What does it mean to perceive a coherent unified world, filled with people and animals and plants and oceans? Are trees observers too? Are stars? What does it mean to ask what something means? Does meaning matter? And who or what is so curious? What is really going on here anyway?
These are deep questions in the sense that they cannot be answered quickly (we’ve been at them collectively for thousands of years), reasonable people will reach different conclusions about them, and they often require insights from lots of fields (neurology, chemistry, theology, information theory, et cetera).
In general, because academia has been a consistent waystation for me over the years, my particular answers to these questions have owned an academic tilt. Read broadly, check for biases, create curricula and reading lists, muster evidence, seek out opposing views, write and rewrite the answers, teach them in classrooms when you can, don’t stop asking questions . . .
Over the years, my shorthand for that fun, interesting and demanding process has been “thinking critically.” More recently – the last five years or so – it has been “thinking critically in and through dialogue,” where dialogue is understood in a Bohmian way.
But thinking critically (in and through dialogue) – while it matters a great deal to me – never doesn’t eventually lead to giving attention to this particular experience. This this, as I like to say. The being that I am right now, characterized by all these sights and sounds and tastes and memories and hopes and needs and desires and so forth. The subjective first person welter. “I” is always experienced in a complex embodied way – even when it is stable, homeostatic, et cetera.
It is important to look closely at what calls to us. If spiritual awakening or oneness is what calls to us, then we should give attention to it – read Sri Aurobindo, Eckhart Tolle, Thomas Merton, Emily Dickinson, Darwin, Schrödinger, Husserl. Do zazen, try celibacy, pray in hillside monasteries. Confess one’s sins, eat peyote, open up to a good therapist. Do yoga, stop doing yoga. What resonates and what doesn’t?
Asking about resonance is really a way of asking: what is your experience? Right now – the you that is sitting in a chair by the window, sipping tea, reading a little before making dinner or breakfast. What is it like to be you? How does it feel? What ideas pop up with regularity? What have you forgotten? What is true and what is false? How do you know the difference? Who gets you? Who do you wish could get you? What don’t you know? How do you know you don’t know?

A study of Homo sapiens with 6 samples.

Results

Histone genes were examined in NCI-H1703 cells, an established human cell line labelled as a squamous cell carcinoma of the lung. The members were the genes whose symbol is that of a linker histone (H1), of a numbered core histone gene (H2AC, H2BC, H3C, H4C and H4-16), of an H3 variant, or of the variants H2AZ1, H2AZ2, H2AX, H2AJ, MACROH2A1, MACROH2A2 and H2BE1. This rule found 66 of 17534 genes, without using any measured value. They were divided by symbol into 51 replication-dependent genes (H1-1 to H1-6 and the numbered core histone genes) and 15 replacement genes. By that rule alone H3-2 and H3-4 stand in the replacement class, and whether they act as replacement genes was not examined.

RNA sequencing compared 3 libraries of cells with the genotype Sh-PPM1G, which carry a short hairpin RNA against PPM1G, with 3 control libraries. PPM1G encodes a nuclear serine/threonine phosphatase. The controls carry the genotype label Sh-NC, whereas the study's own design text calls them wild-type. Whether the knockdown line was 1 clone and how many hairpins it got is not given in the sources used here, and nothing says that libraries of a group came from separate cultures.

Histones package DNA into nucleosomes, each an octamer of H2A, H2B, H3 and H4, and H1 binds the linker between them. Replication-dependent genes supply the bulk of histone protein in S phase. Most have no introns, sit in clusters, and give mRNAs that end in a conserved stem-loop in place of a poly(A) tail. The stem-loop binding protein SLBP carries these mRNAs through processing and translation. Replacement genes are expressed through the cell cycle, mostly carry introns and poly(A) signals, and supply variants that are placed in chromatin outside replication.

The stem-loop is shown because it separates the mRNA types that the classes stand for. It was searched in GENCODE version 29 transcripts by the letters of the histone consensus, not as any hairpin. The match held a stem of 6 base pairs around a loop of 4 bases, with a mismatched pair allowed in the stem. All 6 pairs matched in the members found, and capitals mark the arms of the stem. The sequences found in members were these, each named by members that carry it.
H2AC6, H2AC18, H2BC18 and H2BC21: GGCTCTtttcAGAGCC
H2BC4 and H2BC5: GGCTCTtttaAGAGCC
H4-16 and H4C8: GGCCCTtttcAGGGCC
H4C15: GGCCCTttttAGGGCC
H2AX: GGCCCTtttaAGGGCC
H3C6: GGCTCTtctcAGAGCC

These questions anticipate (without necessarily mandating) subjective answers. You can most readily and authoritatively talk about what it is like to be you. What it is like to be someone else – Sean, say, or a sunflower, or a comet sailing through the sky . . . that’s beyond you. You can speculate, make inferences based on evidence and probabilities and so forth, but . . . ultimately, subjective first-person experience is our fundament.
For me, asking and exploring these questions has been most fructive in dialogue settings. This was one of David Bohm’s most helpful insights. Going deeply into complex abstract questions without a lot of premeditation and goal-setting, especially when done with folks who are equally committed to inquiry-without-a-net, tends to yield (when we are persistent and patient) wildly interesting and helpful answers.
But to be clear: these “answers” are not dispositive. They don’t really end anything. They’re more in the nature of helpful directives about what to do next – read this author, study that poetic tradition, pray less, walk more, write some haiku, et cetera.
I am not saying that questions like “what is the self” or “what is consciousness” – what is oneness – can’t be answered. I am neither smart enough nor studious enough nor holy enough to truly know if they can or can’t be, or what those answers might even look like. But that’s okay! The point is not to be Einstein or Sri Ramana or Emily Dickinson. The point is just to participate in our shared human experience in a gentle, thoughtful and nurturing way, to the maximally optimal extent possible. I want to be an effective and helpful human observer, which means giving attention to experience in gentle and sustainable ways and reporting back on what I find.
And what do I find? Well, I find what we all find. No matter how complex our inquiry becomes, no matter how far out into the cosmos or deep into the soul it reaches, we all end up in the same place. We need to eat, we need to sleep, we need to pee, we need to make love. Truly, bread, blankets, a roof and someone to share it all with is our penultimate and most meaningful joy. The intensity and urgency of the deep questions dissolves.
In this way, our very basic human existence is what calls to us over and over. It is, after all our spiritual and intellectual wandering, our home. This is why it is important to gently and lovingly attend our lives. At home with our beloveds, the spiritual drama and metaphysical inquiries are seen at last as distractions. We are home: we are always home.